Love beyond all expectation
A reflection for the Twenty-fourth Sunday in Ordinary Time, Year A
by Dan Moynihan
Is there a more difficult teaching than what we find in this Sunday’s Gospel? “Should you not have had mercy on your fellow slave, as I had mercy on you?” (Matt 18:33). The king, who was owed an enormous amount that was beyond possible to repay, was ultimately moved with mercy and forgave the slave’s debt. We understand that this debt was beyond a burden and greater than could have been expected to be restored, and yet the master was moved with generosity to reorder and renew the relationship. Placing ourselves within this parable and examining our path of forgiveness and restoration is an invitation we immerse ourselves in as the effects are at the heart of Christian living.
It is easy to find examples around us each day which could assist us in justifying actions of cruelty, vengeance, and retaliation in big and small ways. We might even hear our closest friends or relations, knowing how we have been wronged, support our harsh and unforgiving feelings. Jesus has replaced this experience of retaliation with a law of love, and what the Lord has done for us we are now invited to do for others. We may even come to see that this gift of forgiveness is the most precious and fragile gift we could ever receive.
This parable is an opportunity to hear the invitation to love beyond what is expected. As a father, I enjoy the experience of drawing my family members close and whispering, “Guess what?” And as they respond back, “What?” I answer, “I love you.” This exchange happens with such frequency that the children now anticipate and pre-empt the response, and yes, generally meet the words with an eye-roll. I trust and believe something much deeper is happening, though. The words “I love you” are laying the foundation of a reality that cannot be broken. With each exchange we are preparing ourselves for the moments when this bond could seemingly be challenged, when one of us is feeling broken, unworthy, selfish, anxious, or has done something to harm the relationship. My fatherly hope is that I will have to do little more in those moments than say, “Guess what?” and the ice can be broken and a small step towards healing and renewal can be taken.
As the Holy Father Pope Francis has invited us to understand, this forgiveness and ability to restore relationships is not optional for discipleship. It is not a mere idea that we contemplate and consider, but a concrete action that marks our way forward in community. The wake of our path is to be defined by tenderness, compassion, parental indulgence, and mercy. Do you ever find this call to forgive from the depths of our hearts challenging because the brokenness is with our closest relationships? Our parents (living and dead), siblings, children, friends? Any yet, this is precisely the call: to forgive, to renew, to restore.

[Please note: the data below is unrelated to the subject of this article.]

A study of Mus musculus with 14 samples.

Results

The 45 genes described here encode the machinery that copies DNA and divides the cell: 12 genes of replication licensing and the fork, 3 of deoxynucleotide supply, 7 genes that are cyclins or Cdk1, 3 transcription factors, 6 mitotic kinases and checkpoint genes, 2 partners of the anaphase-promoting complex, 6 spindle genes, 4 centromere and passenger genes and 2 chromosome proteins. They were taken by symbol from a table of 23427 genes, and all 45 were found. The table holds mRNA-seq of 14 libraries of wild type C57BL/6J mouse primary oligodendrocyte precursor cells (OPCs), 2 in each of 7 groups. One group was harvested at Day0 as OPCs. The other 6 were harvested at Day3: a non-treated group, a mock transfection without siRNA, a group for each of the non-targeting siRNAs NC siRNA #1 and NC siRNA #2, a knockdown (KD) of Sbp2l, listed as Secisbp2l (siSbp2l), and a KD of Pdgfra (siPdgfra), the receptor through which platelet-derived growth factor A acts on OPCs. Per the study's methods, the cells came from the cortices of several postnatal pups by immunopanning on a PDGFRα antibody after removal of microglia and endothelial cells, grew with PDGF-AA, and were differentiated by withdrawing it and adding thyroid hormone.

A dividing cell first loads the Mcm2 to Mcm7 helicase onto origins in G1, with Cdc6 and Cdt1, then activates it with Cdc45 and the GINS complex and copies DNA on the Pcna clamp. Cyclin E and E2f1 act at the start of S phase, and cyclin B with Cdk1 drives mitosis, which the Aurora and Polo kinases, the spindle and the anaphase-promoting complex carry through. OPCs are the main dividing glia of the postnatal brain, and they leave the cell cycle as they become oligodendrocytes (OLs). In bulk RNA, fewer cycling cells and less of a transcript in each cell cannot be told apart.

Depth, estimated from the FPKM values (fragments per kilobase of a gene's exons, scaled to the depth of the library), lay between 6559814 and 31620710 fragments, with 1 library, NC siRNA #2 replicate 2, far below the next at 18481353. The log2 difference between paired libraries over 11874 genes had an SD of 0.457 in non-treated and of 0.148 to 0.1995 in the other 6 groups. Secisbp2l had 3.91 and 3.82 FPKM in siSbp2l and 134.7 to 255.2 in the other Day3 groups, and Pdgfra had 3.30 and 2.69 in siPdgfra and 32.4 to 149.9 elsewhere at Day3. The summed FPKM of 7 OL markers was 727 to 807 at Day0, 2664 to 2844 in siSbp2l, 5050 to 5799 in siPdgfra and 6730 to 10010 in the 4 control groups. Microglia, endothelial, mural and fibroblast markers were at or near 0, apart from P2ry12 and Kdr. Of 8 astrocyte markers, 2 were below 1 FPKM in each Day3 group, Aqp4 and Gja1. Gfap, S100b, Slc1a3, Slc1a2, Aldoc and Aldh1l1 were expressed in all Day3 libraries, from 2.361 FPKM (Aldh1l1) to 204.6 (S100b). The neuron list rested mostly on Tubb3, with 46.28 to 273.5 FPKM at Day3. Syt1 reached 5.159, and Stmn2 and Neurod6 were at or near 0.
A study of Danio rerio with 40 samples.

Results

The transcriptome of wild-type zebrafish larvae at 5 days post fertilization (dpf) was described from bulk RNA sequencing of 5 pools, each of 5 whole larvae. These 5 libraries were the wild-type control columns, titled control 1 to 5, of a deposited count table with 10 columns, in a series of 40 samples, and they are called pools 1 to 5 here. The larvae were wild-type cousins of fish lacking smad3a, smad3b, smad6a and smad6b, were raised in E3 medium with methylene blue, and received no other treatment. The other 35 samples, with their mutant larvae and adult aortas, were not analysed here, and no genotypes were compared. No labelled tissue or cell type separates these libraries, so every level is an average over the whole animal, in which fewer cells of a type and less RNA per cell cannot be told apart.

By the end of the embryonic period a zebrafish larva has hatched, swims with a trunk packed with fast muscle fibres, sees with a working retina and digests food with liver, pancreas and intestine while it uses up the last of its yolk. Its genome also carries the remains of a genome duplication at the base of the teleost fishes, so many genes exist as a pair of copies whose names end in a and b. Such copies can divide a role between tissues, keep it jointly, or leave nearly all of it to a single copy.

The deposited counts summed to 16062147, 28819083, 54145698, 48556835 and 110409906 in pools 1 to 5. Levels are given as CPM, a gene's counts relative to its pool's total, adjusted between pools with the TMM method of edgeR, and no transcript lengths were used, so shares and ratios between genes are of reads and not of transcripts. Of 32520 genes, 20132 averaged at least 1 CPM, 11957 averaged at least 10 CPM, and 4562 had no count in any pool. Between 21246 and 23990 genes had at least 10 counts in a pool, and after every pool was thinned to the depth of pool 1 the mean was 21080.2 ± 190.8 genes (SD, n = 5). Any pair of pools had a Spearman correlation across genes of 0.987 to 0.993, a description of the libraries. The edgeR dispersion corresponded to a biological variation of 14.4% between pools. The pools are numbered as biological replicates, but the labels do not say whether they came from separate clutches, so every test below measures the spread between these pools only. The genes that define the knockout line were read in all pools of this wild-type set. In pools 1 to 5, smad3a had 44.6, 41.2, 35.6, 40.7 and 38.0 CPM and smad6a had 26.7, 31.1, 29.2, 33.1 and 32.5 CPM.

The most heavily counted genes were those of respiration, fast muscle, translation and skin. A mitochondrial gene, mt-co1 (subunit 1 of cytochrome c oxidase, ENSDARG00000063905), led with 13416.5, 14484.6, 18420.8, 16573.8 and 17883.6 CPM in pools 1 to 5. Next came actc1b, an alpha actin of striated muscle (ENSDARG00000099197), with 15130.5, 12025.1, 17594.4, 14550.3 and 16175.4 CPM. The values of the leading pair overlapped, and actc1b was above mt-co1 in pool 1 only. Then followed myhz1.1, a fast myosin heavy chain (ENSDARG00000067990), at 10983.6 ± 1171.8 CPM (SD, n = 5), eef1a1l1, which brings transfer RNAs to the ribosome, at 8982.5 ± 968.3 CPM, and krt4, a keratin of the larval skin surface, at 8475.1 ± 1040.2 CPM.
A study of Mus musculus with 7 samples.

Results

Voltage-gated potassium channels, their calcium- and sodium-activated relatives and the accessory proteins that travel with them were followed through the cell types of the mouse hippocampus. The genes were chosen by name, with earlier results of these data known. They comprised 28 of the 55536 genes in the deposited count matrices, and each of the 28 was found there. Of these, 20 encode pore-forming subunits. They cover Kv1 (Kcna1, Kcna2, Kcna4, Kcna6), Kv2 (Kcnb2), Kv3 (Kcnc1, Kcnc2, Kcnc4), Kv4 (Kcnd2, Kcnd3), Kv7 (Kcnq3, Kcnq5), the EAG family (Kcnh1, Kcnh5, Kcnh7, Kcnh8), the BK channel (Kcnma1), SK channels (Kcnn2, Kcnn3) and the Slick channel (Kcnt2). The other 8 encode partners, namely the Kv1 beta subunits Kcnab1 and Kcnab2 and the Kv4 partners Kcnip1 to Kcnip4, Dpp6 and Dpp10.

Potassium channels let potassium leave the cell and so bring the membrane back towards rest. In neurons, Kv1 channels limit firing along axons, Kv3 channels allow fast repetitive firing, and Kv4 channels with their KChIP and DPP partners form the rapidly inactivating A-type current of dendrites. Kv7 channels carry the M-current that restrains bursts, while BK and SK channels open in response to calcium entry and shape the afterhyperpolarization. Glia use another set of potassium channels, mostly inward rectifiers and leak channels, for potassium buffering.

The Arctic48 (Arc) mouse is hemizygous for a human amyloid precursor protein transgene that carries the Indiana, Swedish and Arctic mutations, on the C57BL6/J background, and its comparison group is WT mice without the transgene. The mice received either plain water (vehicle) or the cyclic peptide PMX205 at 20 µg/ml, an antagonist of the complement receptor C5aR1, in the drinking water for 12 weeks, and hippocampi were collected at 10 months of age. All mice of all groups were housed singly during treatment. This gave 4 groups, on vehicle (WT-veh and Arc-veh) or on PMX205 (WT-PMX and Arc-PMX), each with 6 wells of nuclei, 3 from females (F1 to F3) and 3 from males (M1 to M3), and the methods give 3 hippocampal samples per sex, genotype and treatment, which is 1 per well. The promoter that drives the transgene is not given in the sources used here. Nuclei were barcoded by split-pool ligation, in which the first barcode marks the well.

At times, our judgements and resentment may have taken such a deep rooting within us, or the wrongs we have experienced have been so troubling, that we require the assistance of professionals. It is not wrong to seek out the support of proper counsellors and/or trained spiritual directors who can guide our path of reconciliation. We can take the first step today by beginning to pray for the other person(s). Asking the Lord for the grace to see the other as He sees them, to begin to recognize the Father’s abundant and unending love for them. Allowing that reality to settle into ourselves in our daily prayer can have the power to transform our understanding of who each of us has been created to be.
Today we can ask ourselves: is there someone I would like to restore or renew my relationship with? Can I hold that person in my prayer and consider how the Lord sees and loves them? Does my faith allow me to believe that a miracle of healing may take place between the other individual and myself? Who might I turn to who can assist me on this path of healing and renewal?
The readings for the Twenty-fourth Sunday in Ordinary Time, Year A, are
For the past 25 years, Dan Moynihan has served in many different capacities within diocesan, parish, and education systems. Currently, Dan is supporting the Diocese of London as Pastoral Services Coordinator, enabling parishes to embrace the diocesan vision: becoming a mission-oriented Church which forms disciples of Jesus.
Dan and Lisa have been married for seventeen years and have four children: Emma (14), Liam (11), Andrew (10), and Clare (8).